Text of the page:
Chief executive aims to raise margins as company shares are traded on stock market

Taylor Wimpey became the UK’s biggest housebuilder this week after a £5bn merger. Its shares traded on the stock market for the first time on Tuesday.

The merger of Taylor Woodrow and George Wimpey will catapult the combined company into the FTSE 100, where it will join Barratt and Persimmon.

Ian Sutcliffe, the chief executive of the UK housing business (pictured), said the plan was to keep the housing businesses, Bryant Homes and George Wimpey, separate.

“We were wary of going the same way as past mergers where you end up going backwards in volume when you put two businesses together. We don’t want to shrink the businesses.”

The UK housing business will be split into three divisions – the North, Midlands and South. Each will comprise 12 businesses producing about 22,000 UK completions each.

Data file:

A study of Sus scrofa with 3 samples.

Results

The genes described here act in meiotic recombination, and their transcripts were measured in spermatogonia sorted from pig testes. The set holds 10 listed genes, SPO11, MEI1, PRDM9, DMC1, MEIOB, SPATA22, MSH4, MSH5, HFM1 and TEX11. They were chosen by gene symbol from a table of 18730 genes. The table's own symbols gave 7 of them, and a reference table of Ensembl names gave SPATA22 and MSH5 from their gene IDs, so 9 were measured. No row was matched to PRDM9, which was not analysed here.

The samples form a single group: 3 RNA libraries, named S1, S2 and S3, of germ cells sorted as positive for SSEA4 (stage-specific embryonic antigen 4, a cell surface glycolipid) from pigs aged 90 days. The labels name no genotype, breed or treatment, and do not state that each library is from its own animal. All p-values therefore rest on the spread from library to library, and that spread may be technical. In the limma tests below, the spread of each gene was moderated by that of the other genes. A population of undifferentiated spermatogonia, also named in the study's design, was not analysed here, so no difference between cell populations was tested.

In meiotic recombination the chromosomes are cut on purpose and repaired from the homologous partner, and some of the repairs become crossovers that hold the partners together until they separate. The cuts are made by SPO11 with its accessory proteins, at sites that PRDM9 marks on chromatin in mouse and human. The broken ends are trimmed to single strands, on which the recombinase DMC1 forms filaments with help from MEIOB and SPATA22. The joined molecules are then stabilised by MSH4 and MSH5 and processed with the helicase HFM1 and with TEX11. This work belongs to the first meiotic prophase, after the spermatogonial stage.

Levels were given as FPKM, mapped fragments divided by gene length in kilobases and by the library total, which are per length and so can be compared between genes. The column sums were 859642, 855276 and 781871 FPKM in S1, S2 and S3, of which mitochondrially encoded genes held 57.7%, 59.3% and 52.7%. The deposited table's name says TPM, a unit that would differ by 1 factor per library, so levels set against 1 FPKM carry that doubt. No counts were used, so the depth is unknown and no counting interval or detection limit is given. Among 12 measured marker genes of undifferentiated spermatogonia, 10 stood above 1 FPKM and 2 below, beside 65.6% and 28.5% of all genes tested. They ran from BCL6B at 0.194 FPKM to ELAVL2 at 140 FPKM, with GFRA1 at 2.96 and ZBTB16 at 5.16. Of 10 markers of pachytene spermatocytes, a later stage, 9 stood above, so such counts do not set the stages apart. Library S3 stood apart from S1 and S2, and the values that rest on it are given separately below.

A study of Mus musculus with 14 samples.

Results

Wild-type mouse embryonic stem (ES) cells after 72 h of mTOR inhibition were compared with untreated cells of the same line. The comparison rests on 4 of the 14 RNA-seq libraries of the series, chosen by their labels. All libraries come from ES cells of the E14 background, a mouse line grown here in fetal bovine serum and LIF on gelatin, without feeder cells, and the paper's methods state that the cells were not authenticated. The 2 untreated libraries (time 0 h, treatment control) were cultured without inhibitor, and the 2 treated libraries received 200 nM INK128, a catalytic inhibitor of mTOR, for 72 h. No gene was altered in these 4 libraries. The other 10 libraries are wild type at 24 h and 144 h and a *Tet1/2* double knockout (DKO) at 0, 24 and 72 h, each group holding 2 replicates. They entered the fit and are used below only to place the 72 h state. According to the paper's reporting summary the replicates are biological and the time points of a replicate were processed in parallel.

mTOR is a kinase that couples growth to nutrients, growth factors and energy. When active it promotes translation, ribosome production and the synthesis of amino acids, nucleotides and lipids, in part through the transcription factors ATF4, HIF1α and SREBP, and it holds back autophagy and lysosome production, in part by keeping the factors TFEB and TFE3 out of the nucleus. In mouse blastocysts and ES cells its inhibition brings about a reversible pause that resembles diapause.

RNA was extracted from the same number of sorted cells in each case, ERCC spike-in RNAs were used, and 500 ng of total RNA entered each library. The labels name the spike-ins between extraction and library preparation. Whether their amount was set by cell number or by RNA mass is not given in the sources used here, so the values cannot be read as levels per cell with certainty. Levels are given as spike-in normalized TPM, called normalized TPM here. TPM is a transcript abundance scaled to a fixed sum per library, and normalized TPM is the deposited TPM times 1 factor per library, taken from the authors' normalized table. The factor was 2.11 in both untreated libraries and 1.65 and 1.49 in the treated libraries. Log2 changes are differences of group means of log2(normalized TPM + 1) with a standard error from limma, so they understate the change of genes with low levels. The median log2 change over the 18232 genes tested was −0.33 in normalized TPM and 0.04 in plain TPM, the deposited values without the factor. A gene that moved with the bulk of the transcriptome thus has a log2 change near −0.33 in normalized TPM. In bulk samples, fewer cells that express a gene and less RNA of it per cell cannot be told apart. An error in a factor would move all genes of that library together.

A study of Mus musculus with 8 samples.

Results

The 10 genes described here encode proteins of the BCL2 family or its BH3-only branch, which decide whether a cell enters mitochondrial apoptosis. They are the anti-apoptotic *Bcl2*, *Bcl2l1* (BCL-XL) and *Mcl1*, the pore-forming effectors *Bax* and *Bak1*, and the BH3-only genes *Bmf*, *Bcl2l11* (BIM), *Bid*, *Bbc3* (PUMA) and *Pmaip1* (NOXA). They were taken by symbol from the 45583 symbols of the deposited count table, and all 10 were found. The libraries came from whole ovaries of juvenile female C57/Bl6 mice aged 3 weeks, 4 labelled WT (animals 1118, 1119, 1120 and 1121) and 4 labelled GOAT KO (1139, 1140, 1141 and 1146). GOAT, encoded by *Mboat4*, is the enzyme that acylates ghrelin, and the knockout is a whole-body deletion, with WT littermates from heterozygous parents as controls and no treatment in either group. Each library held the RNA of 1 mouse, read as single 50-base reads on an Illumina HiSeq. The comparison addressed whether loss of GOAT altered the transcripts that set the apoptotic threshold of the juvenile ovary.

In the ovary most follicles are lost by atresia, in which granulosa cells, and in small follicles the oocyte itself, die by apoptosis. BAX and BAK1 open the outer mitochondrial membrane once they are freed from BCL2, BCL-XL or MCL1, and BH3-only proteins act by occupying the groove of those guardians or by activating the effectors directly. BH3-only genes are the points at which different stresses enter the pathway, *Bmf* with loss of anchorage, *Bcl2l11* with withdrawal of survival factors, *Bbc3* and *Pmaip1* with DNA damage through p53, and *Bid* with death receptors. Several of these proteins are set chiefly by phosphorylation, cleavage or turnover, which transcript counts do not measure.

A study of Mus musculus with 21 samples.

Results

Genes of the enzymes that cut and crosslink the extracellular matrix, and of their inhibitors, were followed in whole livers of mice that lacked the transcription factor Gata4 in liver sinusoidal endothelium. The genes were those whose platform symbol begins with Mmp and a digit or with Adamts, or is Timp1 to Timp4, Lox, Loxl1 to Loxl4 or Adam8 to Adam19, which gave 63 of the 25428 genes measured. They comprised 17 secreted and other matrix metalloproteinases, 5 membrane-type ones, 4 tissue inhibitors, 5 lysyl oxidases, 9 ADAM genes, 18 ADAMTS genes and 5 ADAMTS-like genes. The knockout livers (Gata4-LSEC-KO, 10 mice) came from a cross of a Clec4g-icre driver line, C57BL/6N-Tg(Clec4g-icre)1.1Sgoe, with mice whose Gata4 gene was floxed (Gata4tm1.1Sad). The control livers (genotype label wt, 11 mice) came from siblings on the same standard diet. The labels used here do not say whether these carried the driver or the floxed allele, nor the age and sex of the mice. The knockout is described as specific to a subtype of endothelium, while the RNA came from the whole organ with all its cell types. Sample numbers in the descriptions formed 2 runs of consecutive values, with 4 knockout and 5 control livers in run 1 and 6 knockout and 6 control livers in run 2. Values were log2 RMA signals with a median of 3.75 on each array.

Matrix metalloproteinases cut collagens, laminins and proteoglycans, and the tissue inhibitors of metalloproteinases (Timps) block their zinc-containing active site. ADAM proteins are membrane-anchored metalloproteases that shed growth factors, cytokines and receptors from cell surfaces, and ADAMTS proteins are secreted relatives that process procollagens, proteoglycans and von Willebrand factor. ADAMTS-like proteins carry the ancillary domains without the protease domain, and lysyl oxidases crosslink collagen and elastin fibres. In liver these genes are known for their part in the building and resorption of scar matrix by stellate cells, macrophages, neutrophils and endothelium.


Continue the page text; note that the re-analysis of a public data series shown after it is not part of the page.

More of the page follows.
Sutcliffe said Taylor Woodrow and Wimpey had in the past been criticised for making margins of 12-13% – lower than the industry average. He said the plan was to address that: “You can’t do it overnight, but we are hoping to get to 14% in 2007.”

Overall, the Taylor Wimpey Group, headed by Peter Redfern as chief executive, is to make 700 people redundant, leaving it with 13,000 staff.

The redundancies come from six office closures, including Taylor Woodrow’s head office at Solihull and Wimpey’s High Wycombe headquarters. Taylor Wimpey is looking for a new headquarters in the M40 corridor west of London.

Last week both companies said the weak US market remained “very challenging”. They also warned that the UK housing market was slowing down and that the second half of this year would be tougher than the first.